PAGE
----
Every penny counts

As costs increase for all businesses, Simon Olver looks at cost-effective ways to keep golf courses in the best condition possible

The cost of living, and doing business, is going up. The cost of maintaining golf courses is also rising significantly – from the price of fertilisers and fuel to wages. This impacts greenkeeping budgets and without equally significant rises in fees, we must economise.

There are some really simple ways to reduce costs, which I’ll touch on. Beyond these, there are also incredibly innovative ideas out there, which with the right planning and resources will see clubs reap rewards.

The simplest and cheapest place to start is with a comprehensive recycling programme. Gathering and composting materials – clippings, cores, old turf, bunker sand – into designated areas creates a free, nutrient-rich product which is ideal for divot mix or your next tee box build. At Ganton, we do this on a major scale and overall this small effort to organise our waste has saved us tens of thousands of pounds on divot mix alone.

The cost of fertiliser has spiralled recently. If you haven’t already, investigate and understand what is in your expensive, ready-to-use drums and whether you can work with the agricultural straights instead for a fraction of the cost.
A small amount of knowledge can be incredibly useful as while there are times when you need the technology in golf-specific compound mixes, mixing products in-house and using straights will produce the exact same result. Think about what you’re trying to achieve, while bearing in mind grass doesn’t know how expensive your fertiliser is.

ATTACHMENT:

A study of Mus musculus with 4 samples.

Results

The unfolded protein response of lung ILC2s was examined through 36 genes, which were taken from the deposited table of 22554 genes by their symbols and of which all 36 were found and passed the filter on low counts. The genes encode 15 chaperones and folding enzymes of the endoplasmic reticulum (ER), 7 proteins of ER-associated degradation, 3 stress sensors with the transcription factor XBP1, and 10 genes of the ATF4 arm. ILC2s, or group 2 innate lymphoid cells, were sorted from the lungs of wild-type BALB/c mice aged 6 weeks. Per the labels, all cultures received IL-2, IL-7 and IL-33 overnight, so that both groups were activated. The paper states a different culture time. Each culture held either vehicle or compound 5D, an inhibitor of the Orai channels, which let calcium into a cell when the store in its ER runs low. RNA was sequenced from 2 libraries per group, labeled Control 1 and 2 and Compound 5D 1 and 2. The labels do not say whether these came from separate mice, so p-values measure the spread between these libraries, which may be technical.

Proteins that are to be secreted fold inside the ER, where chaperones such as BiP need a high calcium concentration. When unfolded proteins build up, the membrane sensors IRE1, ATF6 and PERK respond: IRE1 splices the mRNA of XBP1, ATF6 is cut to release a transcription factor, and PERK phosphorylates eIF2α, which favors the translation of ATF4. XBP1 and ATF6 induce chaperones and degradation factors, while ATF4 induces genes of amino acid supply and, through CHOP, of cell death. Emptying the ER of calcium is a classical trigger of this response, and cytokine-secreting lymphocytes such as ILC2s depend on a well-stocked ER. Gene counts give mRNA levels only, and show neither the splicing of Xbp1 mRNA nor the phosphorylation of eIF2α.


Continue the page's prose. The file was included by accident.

Also look at your team and whether there are skills which can be utilised to reduce contractor costs, or if there’s a willingness to undertake training. A new member of my team is a skilled carpenter and has already saved us thousands by making our course furniture in-house.

We’ve also invested in training so we can work with the irrigation system at a very high level. This training saved us more than £20,000 over the last 2 years alone. The number of skilled greenkeepers in the workforce has fallen in recent years, so look to bring in people with additional skills which may be useful and/or a willingness to learn.

Some other areas which can reduce costs, which I’ve discussed before, include: naturalising areas which are well out of play; removing obsolete bunkers; and analysing mowing patterns to make routes efficient.

Now is the time to review your strategy and look for efficiencies in internal and external labour, machinery, materials and products.

In the short term, simple programmes can be put in place at little to no cost while in the longer term we must, no matter our budgets, look at reducing our use of chemicals and water as regulatory change is coming and we must move to a longer-term strategy of golf course presentation and holistic greenkeeping, improving sitewide ecology and adapting to grass species which require less input, rather than the cut it low and spray it approach of the past.